Wrapped in the skin of a canid, a cluster of sharpened turkey bones and mussel shells with traces of red pigment appears, to the untrained eye, like a random assortment of ancient tools. But archaeologists believe that this bundle, buried at least 3,600 years ago in a Late Archaic cemetery in Tennessee, may represent the world’s oldest surviving tattoo kit. Their findings lend insight into ancient Native American inking traditions.
The bundle was originally unearthed in 1985 but was only recently examined as a record of tattooing processes. The excavation site, known as Fernvale, was a Native American settlement found during a bridge replacement project in Williamson County. At the time, the Tennessee Division of Archaeology recovered the artifacts, then boxed them up and placed them in a permanent curatorial facility, where they remained in the dark for two decades.
When the pair examined the sharp turkey bones and bivalve shells, they wondered if the artifacts could be implements in a tattoo bundle — a specific type of sacred bundle used in indigenous rituals. The sharp bones recalled needles, while pigment residue on the shells suggested that they were used as ancient inkpots. Other turkey bones that were stained appeared to be tools for mixing pigment. The whole assortment had been placed in the grave beside its occupant, suggesting that it held significant value for that individual.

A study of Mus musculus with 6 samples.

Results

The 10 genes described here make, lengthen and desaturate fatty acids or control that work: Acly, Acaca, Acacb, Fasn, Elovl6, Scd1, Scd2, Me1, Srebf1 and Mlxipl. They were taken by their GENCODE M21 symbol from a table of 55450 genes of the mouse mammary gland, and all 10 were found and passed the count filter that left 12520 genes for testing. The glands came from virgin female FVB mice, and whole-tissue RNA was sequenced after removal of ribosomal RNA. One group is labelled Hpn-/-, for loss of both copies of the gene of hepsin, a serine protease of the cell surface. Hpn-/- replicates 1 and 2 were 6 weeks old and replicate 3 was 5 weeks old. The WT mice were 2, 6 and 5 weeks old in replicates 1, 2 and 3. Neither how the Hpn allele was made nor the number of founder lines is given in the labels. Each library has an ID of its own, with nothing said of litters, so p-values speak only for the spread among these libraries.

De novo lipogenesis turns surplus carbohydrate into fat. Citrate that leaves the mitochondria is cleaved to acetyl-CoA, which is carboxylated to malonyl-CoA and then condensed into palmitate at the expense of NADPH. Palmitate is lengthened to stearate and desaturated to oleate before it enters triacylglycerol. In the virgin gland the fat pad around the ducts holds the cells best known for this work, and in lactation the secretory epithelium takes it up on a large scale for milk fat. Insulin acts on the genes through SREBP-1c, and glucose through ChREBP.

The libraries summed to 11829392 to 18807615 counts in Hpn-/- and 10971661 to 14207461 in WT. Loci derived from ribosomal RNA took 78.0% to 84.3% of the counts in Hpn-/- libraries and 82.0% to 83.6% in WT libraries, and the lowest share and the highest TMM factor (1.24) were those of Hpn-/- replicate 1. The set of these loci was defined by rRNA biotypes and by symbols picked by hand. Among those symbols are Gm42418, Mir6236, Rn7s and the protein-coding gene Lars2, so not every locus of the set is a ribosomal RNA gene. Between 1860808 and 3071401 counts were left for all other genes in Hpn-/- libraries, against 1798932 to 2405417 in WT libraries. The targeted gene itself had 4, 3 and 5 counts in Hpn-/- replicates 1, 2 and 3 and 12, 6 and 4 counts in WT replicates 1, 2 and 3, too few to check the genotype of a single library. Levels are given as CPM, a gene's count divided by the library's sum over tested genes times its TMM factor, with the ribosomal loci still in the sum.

Adafruit publishes a wide range of writing and video content, including interviews and reporting on the maker market and the wider technology world. Our standards page is intended as a guide to best practices that Adafruit uses, as well as an outline of the ethical standards Adafruit aspires to. While Adafruit is not an independent journalistic institution, Adafruit strives to be a fair, informative, and positive voice within the community – check it out here: adafruit.com/editorialstandards
Stop breadboarding and soldering – start making immediately! Adafruit’s Circuit Playground is jam-packed with LEDs, sensors, buttons, alligator clip pads and more. Build projects with Circuit Playground in a few minutes with the drag-and-drop MakeCode programming site, learn computer science using the CS Discoveries class on code.org, jump into CircuitPython to learn Python and hardware together, TinyGO, or even use the Arduino IDE. Circuit Playground Express is the newest and best Circuit Playground board, with support for CircuitPython, MakeCode, and Arduino. It has a powerful processor, 10 NeoPixels, mini speaker, InfraRed receive and transmit, two buttons, a switch, 14 alligator clip pads, and lots of sensors: capacitive touch, IR proximity, temperature, light, motion and sound. A whole wide world of electronics and coding is waiting for you, and it fits in the palm of your hand.
Have an amazing project to share? The Electronics Show and Tell is every Wednesday at 7pm ET! To join, head over to YouTube and check out the show’s live chat – we’ll post the link there.